Principles of English Etymology: The native element


Էջ 20 - Here thou, great ANNA ! whom three realms obey, Dost sometimes counsel take — and sometimes tea.
Էջ 505 - Our maker, therfore, at these dayes, shall not follow Piers plowman, nor Gower, nor Lydgate, nor yet Chaucer, for their language is now out of use with us...
Էջ 390 - , are ' very apt to desert and drop off in a long march.
Էջ 29 - Pencrich ; so that now, in the year of our Lord 1385, in all the grammar-schools of England, the children leave French and construe and learn in English, whereby they have an advantage in one way and a disadvantage in another.
Էջ 482 - A third of the merchants and manufacturers of the ruined city are said to have found a refuge on the banks of the Thames. The export trade to Flanders died away as London developed into the general mart of Europe, where the gold and sugar of the New World were found side by side with the cotton of India, the silks of the East, and the woollen stuffs of England itself.
Էջ 331 - ... to say, that, speaking generally, it represents a Victorian pronunciation of popular words by means of symbols imperfectly adapted to an Elizabethan pronunciation ; the symbols themselves being mainly due to the Anglo-French scribes, of the Plantagenet period, whose system was meant to be fonetic.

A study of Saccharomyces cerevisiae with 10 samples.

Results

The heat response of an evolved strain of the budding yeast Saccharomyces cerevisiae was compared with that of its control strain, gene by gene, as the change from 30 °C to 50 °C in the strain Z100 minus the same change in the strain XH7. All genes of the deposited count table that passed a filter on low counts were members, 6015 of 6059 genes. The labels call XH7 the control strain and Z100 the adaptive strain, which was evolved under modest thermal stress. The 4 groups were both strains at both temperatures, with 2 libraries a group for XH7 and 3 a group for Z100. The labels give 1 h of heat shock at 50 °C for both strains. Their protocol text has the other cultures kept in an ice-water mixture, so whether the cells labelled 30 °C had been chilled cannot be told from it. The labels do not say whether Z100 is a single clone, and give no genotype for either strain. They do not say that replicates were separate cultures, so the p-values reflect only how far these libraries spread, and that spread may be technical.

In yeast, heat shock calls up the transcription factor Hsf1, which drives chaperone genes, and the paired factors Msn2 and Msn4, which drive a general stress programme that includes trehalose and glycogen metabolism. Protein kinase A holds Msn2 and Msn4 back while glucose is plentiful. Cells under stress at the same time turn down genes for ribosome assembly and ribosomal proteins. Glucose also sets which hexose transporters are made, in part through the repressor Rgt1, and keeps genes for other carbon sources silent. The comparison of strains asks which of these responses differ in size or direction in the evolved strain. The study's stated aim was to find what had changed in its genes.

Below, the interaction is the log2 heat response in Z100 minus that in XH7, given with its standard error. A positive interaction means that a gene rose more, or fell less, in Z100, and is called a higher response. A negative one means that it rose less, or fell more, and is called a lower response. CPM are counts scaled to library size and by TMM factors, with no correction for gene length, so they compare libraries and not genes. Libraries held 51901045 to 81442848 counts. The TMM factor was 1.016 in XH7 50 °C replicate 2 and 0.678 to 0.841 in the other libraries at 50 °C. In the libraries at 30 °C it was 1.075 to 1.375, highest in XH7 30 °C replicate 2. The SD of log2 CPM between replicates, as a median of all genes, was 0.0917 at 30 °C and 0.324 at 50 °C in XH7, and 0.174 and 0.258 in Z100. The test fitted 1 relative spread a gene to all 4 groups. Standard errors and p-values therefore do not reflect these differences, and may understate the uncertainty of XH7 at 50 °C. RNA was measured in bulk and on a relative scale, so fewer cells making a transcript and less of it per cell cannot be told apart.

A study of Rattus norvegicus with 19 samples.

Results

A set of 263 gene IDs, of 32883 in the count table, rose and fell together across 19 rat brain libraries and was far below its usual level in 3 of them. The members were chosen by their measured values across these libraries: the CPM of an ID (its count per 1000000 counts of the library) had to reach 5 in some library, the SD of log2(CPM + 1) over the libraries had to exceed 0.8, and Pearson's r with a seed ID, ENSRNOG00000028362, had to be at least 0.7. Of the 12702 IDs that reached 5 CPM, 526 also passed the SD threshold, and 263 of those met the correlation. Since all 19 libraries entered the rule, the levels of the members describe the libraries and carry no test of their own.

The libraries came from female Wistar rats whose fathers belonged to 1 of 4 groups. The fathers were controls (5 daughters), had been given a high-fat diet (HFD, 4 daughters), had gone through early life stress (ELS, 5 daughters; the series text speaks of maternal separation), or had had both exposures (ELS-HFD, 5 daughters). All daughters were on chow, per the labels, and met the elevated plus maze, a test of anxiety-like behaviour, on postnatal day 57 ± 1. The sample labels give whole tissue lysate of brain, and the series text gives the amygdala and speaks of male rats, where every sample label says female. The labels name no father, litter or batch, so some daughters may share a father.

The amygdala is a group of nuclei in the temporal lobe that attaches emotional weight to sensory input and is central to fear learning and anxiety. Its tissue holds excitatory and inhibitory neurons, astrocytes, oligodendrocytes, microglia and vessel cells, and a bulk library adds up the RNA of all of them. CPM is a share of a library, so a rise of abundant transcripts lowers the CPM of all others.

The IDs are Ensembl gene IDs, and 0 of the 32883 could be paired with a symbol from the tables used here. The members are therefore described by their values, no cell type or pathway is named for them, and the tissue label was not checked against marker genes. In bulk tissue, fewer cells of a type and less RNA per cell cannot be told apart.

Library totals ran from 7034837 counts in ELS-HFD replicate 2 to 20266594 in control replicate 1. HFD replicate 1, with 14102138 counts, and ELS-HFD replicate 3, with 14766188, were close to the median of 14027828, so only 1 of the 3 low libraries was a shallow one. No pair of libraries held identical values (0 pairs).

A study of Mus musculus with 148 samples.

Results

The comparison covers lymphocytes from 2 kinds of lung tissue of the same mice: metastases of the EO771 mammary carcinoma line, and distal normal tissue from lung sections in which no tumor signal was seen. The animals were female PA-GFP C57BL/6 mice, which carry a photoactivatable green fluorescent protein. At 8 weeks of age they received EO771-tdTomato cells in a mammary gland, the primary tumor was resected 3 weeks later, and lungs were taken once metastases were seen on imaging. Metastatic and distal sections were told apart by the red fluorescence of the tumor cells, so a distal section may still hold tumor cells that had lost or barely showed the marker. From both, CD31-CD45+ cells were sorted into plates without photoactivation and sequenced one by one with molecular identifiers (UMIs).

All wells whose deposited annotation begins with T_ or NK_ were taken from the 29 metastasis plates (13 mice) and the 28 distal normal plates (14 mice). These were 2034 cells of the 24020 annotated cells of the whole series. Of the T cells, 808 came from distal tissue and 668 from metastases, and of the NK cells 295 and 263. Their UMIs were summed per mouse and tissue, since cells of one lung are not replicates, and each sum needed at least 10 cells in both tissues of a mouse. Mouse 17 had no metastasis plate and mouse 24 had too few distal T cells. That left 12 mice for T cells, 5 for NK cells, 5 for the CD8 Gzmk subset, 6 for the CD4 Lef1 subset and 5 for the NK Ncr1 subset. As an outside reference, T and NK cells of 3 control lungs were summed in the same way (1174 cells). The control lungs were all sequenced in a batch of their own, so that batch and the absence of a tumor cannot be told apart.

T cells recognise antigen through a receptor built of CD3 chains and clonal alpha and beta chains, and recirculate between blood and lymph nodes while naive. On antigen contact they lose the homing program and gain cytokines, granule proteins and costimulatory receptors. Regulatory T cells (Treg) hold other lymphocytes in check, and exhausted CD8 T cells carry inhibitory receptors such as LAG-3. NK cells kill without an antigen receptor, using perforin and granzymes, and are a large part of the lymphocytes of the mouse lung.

Էջ 75 - Saxons. We have traces of a certain amount of literature in Saxon or Low-German from that time onward through the Middle Ages up to the seventeenth century. But little only of that literature has been preserved ; and, after the translation of the Bible...
Էջ 344 - sonant' are apt to mislead; for, as both p and b are classed as mutes, it is difficult to see how a mute letter could be sonant. Some persons have been so entirely deceived by the term sonant, that they imagined all the so-called sonant letters to be necessarily pronounced with tonic vibrations of the chordae vocales...
Էջ 450 - The net result is, that the Old Celtic element in English is very small, and further research tends rather to diminish than increase it. The greater part of the Celtic words in English consists of comparatively late borrowings ; and the whole sum of them is by no means large.